A crackdown by security forces has been fiercely criticised by the UN human rights office, with allegations of shootings, beatings and abductions of opposition figures, activists and ordinary residents.

FILE: Zimbabwean anti-riot police forces watch men, arrested during violent protests triggered by a sudden rise in fuel prices announced by Zimbabwean President, for their hearing at the Law Court in the capital Harare, on 16 January 2019. Picture: AFP

HARARE - Zimbabwe police manned checkpoints on many main roads on Saturday, searching vehicles for protesters allegedly involved in recent anti-government demonstrations.

A crackdown by security forces has been fiercely criticised by the UN human rights office, with allegations of shootings, beatings and abductions of opposition figures, activists and ordinary residents.

Police roadblocks were a notorious feature of daily life under former president Robert Mugabe.

But they largely disappeared after he was ousted by the military in November 2017 and succeeded by his former deputy Emmerson Mnangagwa.

"We want to tell members of the public that... we have already set up security checkpoints where police officers and other security institutions will be checking," police spokeswoman Charity Charamba told Saturday's state-owned Herald newspaper.

She said the checkpoints were to catch suspected looters and recover property stolen during protests that erupted after Mnangagwa last weekend announced a 150-percent increase in petrol prices.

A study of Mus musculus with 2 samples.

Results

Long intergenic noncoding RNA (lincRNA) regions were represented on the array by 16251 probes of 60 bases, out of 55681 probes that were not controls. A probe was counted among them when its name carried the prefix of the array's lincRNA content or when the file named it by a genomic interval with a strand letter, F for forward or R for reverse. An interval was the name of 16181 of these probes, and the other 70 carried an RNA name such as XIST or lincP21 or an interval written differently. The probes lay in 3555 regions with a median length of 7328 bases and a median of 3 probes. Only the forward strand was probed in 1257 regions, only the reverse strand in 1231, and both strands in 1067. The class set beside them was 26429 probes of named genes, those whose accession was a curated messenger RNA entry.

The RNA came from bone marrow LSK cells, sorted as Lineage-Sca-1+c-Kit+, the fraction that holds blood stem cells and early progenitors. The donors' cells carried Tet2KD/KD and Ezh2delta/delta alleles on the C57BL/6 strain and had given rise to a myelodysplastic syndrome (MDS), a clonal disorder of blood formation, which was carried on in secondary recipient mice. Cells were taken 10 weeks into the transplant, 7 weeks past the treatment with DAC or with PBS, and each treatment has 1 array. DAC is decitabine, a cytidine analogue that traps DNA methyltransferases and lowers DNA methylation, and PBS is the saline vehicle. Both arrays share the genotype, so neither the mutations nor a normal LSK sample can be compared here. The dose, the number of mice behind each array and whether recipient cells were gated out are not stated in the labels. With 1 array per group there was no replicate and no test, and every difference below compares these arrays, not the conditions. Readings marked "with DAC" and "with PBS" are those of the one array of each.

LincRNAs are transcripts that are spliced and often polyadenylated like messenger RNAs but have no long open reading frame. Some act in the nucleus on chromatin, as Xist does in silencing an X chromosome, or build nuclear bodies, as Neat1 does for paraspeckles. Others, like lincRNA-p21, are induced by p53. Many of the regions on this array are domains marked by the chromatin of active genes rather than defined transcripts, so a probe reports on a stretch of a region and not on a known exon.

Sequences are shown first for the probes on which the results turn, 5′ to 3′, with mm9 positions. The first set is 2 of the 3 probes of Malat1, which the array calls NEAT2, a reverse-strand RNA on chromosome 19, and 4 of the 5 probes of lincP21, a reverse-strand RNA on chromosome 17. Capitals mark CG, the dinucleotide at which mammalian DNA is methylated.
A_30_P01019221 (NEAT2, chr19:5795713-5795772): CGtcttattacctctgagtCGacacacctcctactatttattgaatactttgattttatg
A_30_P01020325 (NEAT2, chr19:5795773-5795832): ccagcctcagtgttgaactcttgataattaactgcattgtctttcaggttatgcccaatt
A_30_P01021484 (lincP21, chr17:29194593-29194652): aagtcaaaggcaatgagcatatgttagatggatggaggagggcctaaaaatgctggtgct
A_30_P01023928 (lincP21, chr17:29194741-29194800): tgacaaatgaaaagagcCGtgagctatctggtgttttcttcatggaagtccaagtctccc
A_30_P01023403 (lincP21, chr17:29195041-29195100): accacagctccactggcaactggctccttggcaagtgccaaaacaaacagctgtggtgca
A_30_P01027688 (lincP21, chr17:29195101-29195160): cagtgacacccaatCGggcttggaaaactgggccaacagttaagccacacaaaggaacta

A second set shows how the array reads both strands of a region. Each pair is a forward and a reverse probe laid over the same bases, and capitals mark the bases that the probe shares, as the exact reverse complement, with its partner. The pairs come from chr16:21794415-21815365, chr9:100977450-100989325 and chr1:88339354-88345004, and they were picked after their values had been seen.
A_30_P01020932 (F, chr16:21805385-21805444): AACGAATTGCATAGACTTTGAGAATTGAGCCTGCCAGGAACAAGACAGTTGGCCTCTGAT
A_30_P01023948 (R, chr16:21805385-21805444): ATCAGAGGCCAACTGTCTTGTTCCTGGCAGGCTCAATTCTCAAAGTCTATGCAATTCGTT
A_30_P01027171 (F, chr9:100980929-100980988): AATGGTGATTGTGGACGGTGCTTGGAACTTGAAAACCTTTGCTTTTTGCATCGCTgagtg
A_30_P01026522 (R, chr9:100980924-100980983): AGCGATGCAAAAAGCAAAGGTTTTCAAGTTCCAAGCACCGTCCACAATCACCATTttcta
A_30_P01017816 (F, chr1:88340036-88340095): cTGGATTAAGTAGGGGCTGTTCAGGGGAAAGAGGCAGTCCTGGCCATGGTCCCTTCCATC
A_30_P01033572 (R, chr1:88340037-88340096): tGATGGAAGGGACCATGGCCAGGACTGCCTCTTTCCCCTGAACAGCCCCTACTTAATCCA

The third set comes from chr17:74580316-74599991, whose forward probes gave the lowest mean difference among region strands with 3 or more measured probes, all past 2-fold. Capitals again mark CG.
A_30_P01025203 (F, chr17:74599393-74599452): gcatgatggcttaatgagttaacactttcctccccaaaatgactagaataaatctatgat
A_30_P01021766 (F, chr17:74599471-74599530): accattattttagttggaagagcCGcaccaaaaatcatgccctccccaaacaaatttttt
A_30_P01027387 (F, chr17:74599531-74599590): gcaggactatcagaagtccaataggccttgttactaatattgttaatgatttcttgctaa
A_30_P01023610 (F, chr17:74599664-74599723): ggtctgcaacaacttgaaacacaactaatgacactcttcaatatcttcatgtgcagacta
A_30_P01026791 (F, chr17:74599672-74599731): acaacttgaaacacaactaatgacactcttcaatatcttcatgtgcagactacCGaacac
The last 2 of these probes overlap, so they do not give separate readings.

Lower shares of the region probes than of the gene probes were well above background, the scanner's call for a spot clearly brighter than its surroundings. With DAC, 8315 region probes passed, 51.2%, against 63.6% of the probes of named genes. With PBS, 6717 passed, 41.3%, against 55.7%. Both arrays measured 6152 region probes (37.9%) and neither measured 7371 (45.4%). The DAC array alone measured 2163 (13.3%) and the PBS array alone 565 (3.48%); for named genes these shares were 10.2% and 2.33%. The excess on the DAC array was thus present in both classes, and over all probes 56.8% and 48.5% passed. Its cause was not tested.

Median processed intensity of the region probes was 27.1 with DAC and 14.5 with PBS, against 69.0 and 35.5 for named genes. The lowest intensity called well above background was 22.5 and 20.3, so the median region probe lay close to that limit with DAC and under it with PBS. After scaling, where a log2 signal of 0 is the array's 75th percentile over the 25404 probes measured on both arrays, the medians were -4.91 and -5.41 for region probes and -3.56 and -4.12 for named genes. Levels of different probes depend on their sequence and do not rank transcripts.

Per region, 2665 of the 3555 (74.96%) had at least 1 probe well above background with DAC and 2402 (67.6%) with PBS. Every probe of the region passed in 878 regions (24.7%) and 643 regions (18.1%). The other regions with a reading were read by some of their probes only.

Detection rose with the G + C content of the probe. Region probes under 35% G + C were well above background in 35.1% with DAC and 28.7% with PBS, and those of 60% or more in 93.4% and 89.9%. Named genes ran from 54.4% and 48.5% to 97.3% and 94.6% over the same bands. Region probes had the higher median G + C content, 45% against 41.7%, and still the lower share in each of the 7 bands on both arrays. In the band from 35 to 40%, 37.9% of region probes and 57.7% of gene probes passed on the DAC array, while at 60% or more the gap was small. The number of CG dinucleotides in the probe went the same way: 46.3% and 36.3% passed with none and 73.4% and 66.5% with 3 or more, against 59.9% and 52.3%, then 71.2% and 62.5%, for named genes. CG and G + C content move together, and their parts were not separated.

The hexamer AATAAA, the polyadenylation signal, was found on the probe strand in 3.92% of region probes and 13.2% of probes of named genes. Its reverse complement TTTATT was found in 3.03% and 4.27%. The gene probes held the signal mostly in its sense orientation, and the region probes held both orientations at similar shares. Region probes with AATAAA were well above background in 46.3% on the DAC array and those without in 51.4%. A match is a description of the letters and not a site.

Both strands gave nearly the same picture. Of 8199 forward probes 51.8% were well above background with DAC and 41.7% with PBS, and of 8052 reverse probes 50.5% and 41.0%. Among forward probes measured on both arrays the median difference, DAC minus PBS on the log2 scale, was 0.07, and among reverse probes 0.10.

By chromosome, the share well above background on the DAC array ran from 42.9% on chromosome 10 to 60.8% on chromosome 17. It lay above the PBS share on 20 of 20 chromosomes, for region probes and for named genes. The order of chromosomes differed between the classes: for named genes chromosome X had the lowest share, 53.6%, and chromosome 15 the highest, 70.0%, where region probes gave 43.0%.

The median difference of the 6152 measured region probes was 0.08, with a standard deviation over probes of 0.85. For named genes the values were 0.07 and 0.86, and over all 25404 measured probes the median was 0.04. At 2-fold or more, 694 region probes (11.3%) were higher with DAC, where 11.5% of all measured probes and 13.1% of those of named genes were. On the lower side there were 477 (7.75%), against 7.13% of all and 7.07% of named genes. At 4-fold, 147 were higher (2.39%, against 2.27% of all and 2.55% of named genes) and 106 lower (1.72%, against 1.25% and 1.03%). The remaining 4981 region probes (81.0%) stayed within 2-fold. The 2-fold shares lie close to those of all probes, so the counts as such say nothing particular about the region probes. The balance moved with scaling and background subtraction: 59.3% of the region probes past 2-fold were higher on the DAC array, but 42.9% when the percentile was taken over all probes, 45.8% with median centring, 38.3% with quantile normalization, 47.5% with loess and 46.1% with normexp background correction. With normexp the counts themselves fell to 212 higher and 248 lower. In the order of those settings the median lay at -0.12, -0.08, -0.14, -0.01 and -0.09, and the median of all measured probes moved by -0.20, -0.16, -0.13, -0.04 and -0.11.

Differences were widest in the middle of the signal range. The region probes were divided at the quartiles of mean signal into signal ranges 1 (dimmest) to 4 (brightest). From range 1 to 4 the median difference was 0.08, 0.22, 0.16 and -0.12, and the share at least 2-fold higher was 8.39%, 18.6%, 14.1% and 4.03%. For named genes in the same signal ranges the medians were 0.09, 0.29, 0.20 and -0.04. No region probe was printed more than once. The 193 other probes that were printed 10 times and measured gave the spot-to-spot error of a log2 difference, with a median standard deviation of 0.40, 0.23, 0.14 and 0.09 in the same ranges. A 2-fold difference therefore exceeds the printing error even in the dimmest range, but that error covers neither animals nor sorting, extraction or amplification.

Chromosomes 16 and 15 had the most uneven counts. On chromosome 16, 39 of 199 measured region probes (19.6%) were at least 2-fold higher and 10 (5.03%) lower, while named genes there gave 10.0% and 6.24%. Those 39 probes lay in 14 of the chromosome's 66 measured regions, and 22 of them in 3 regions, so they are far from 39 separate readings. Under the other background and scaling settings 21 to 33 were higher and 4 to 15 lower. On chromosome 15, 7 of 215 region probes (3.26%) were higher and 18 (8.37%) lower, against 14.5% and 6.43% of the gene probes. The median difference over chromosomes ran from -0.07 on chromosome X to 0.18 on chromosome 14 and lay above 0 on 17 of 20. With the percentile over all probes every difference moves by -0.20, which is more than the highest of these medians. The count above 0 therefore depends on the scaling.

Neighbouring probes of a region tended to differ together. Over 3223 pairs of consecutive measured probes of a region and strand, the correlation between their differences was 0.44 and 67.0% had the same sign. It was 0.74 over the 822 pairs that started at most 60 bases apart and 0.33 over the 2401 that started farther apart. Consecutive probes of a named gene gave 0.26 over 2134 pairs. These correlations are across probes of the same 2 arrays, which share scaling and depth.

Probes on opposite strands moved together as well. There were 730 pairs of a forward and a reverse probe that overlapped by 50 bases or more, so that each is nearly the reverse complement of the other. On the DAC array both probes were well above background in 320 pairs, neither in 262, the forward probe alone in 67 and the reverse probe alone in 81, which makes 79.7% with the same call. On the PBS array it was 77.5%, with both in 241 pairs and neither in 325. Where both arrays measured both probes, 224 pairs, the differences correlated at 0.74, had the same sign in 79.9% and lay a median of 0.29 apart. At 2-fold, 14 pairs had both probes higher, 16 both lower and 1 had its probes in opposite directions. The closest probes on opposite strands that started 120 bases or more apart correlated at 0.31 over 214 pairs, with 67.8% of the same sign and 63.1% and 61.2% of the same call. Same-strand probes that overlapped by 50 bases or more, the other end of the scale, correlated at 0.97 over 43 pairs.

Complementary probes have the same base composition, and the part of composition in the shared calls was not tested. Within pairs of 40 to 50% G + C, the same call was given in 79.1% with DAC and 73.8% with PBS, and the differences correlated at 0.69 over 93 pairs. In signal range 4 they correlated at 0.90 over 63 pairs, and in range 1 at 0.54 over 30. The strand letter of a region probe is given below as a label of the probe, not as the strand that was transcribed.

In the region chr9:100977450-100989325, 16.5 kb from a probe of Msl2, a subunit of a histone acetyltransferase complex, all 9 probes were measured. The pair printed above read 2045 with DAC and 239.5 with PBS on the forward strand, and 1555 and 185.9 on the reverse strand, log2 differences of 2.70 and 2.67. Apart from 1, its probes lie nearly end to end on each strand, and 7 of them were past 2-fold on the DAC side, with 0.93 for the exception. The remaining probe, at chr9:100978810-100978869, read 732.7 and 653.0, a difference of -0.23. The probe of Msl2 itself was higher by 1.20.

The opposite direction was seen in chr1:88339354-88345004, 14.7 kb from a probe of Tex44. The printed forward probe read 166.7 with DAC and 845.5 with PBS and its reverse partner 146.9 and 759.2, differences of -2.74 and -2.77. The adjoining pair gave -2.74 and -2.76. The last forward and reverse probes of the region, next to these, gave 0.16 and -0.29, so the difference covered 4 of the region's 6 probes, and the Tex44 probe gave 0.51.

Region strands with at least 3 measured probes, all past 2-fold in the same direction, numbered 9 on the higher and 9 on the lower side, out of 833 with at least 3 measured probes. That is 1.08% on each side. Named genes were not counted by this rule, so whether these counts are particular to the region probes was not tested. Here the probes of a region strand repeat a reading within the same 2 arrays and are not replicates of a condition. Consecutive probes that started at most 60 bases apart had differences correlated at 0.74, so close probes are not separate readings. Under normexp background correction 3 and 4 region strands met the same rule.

The Herald said 700 people had been arrested after the violent protests, which it blamed on the opposition MDC party and trade unions.
POLICE ARMED WITH ASSAULT RIFLES

Police checkpoints were in action on Saturday in the capital Harare and the second city Bulawayo, AFP reporters witnessed.

In Bulawayo, police officers armed with assault rifles manned roadblocks on every major route, conducting "stop and search" operations.

In both cities, customers seeking to stock up on basic goods tentatively returned to shops that opened for the first time since the protests started on Monday.

Long queues formed to buy bread and petrol, which are both in short supply due to Zimbabwe's long-burning economic crisis.

"Nothing has changed after the fuel price increase," said one motorist in a queue who identified himself only as Sonny.

Social media has been blocked by the government in an apparent attempt to suppress information about the security operation and alleged abuses.

The Zimbabwe Human Rights NGO Forum said it had recorded at least 12 deaths, 78 gunshot injuries and more than 240 incidents of assault and torture.

The United Nations human rights office on Friday urged Harare to "stop the crackdown", voicing alarm over the security forces' "excessive use of force" which included reports of them using live ammunition.

And it called on Zimbabwe's government "to find ways of engaging with the population about their legitimate grievances".